Laura Ofobike

I was watching a gymnastics competition on television, admiring the strength of those tight and incredibly lithe bodies when something caught my ear from the chatter of the commentators. Someone was saying how young they start training, how long and hard, and how important it was that they developed early the correct posture, techniques and so on.

Catch them young, and good habits learned early become second nature. That would go for a great many other endeavors besides gymnastics and sports, I thought. Like school.

As scientists find out more about the human brain and the phenomenal mental and emotional growth that occurs from birth through age 5, it becomes more apparent that early training, purposeful stimulation in the use of the mind, is a moral obligation that is every bit the responsibility of parents as of the community.

Not to suggest for a second that early childhood education is some novel concept. Rather, the fascinating thing is how the new understanding is changing how and when children are prepared for structured learning. Few people would argue seriously anymore that first grade is early enough for structured learning and kindergarten is not essential.

The growth of pre-K enrichment programs further shows the growing appreciation of what we gain if we can “catch them early” and what we lose if we do not. It stands to reason that policymakers now talk about education as a cradle-to-career, if not a cradle-to-grave, system.

But early childhood education is that part of the education continuum that garners a multitude of fine words but little respect in terms of resources. Listen as policymakers count off the benefits to society in providing all children good early education, particularly children whose homes and neighborhoods do not expose them enough to the positive experiences that stimulate mental, emotional and social growth:

In Ohio, every dollar spent on early childhood yields a10 percent return on investment every year, said state officials applying for a federal grant in 2011. Upfront costs reduce bigger costs downstream. Put up the effort and money for effective early education, and you narrow the skills and achievement gaps and reduce the need for remediation, retention and dropout programs later. You lower the social and economic costs of high rates of adult illiteracy, joblessness, incarceration and poverty.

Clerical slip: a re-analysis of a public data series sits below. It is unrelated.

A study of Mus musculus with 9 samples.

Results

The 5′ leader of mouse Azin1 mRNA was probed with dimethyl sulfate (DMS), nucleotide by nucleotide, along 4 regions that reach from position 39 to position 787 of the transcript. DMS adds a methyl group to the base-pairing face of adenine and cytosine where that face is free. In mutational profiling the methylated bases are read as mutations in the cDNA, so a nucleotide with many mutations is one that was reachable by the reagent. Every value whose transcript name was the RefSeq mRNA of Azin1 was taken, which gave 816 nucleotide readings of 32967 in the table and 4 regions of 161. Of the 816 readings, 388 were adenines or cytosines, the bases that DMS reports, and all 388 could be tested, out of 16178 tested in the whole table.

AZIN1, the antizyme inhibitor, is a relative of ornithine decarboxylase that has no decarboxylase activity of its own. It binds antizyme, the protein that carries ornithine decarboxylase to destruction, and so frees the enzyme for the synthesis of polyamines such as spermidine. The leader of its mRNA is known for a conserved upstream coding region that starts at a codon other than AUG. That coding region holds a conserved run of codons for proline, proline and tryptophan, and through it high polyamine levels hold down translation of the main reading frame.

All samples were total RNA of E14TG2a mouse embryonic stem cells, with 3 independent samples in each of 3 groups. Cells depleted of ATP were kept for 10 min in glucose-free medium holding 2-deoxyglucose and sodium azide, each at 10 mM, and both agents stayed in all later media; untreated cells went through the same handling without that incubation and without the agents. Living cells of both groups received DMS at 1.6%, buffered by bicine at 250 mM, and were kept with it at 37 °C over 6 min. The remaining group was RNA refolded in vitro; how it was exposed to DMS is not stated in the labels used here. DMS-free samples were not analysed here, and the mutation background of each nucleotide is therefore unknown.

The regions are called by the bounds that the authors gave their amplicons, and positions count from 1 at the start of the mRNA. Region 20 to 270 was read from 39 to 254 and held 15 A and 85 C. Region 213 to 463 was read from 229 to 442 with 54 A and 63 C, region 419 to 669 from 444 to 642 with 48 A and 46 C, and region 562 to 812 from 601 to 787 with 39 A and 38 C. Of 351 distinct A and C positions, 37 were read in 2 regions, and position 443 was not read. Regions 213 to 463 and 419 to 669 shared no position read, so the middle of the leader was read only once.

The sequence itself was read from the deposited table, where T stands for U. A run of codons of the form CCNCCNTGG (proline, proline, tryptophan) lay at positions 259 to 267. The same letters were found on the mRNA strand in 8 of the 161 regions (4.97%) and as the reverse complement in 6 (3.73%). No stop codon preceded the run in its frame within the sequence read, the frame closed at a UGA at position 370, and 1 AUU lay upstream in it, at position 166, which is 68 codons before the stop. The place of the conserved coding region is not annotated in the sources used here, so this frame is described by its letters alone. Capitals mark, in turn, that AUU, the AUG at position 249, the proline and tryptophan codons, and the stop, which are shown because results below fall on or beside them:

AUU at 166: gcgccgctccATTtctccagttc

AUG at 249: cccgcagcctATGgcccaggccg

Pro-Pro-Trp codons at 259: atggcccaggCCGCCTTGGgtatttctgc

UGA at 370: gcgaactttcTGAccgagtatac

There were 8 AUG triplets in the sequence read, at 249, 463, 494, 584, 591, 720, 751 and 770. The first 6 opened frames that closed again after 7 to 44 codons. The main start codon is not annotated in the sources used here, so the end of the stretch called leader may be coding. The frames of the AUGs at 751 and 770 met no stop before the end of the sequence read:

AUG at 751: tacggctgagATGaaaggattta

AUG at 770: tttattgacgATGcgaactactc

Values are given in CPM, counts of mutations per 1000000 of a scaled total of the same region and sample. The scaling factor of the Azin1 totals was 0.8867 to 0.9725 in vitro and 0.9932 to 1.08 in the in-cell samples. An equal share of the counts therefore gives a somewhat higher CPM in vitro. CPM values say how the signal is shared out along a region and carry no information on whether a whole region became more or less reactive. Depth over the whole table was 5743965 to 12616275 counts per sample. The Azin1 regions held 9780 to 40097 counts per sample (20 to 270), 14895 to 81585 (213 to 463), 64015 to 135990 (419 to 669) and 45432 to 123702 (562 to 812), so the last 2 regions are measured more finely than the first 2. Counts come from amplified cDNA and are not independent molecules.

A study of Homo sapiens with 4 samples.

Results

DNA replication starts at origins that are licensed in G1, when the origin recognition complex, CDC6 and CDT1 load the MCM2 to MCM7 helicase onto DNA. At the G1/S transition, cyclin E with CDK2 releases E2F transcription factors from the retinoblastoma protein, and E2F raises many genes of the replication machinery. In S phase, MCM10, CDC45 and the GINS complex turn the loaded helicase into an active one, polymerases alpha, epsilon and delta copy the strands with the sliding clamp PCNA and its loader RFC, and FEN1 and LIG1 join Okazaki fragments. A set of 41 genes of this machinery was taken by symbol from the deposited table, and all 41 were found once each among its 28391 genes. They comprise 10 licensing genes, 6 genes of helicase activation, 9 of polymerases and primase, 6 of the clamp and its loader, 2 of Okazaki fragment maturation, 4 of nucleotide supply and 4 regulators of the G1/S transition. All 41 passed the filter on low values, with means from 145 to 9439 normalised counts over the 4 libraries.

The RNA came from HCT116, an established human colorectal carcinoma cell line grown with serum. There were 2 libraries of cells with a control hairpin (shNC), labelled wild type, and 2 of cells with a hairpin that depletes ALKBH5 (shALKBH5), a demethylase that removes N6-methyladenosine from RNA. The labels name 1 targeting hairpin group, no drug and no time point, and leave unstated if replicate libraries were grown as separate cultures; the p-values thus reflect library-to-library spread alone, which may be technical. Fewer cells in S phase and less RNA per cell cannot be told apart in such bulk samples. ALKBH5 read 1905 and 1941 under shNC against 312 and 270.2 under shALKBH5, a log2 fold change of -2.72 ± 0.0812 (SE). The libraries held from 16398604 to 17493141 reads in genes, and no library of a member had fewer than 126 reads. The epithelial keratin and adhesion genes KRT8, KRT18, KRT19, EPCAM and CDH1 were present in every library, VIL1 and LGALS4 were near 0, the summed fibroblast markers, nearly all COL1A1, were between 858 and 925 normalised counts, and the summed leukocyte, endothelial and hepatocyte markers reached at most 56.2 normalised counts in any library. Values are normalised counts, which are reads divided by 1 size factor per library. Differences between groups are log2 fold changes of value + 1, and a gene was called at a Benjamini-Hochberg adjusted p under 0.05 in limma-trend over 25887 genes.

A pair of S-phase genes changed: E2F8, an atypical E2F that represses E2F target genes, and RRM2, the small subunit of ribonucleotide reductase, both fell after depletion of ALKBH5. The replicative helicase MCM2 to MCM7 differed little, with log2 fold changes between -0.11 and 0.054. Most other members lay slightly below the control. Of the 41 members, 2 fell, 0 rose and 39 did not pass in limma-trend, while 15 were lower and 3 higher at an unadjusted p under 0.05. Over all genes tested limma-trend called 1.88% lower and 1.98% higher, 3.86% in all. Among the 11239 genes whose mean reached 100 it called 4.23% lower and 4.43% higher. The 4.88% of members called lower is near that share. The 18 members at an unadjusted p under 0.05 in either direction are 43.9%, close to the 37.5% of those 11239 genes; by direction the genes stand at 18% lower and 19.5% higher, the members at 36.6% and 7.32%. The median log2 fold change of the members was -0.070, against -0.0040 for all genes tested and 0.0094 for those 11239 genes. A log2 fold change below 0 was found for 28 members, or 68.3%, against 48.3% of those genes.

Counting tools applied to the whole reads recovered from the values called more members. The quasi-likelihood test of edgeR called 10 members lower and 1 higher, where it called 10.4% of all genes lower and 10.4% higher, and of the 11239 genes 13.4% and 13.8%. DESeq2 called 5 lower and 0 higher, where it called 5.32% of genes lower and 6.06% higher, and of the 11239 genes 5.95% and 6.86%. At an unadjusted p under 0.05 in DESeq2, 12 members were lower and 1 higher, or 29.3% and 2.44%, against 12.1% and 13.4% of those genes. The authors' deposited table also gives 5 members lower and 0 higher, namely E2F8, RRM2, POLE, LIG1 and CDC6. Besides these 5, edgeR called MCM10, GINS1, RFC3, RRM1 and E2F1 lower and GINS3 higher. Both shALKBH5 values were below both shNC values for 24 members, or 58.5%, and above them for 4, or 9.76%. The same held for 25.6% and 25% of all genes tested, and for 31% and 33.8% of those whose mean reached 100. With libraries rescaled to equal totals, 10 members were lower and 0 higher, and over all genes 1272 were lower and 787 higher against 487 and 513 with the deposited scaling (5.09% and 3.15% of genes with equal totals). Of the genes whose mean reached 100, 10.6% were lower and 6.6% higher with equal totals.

These are some of the reasons that should compel — and increasingly are compelling — communities to forge extensive partnerships to fill in the gaps, expanding access to learning opportunities where families and neighborhoods cannot afford them.

Take the Early Childhood Initiative the Akron Metropolitan Housing Authority launched in 2007. The housing authority practically serves as landlord to roughly 3,000 children under age 5, about 10 percent of that age cohort in Summit County (which would make a good-sized suburban school district).

With that many children in its sphere of influence, so to speak, the agency has used the access to homes and residents to build trust and to develop activities and programs that prepare toddlers for a smooth transition to school. Parents as Teachers, an evidence-based curriculum that is one component of the initiative, helps parents understand child development and how to engage their children in learning activities. Monthly family events organized around educational themes have helped build a supportive environment for discussing early education issues.

In the economically depressed Summit Lake neighborhood, a $4 million federal award to AMHA is funding construction of the Summit Lake Family Opportunity Center, which will have space for two kindergarten and four Head Start classes, along with adult education and job-readiness programs.

Collaborations among the authority, a variety of county agencies and schools are helping put a floor of opportunity underneath children who otherwise lack those advantages. But none of it is cheap, and grant money runs out all too fast. As Gov. John Kasich prepares to unveil a new education budget, it remains to be seen how much respect early education really commands.

Ofobike is the Beacon Journal chief editorial writer. She can be reached at 330-996-3513 or by email at lofobike@thebeaconjournal.com.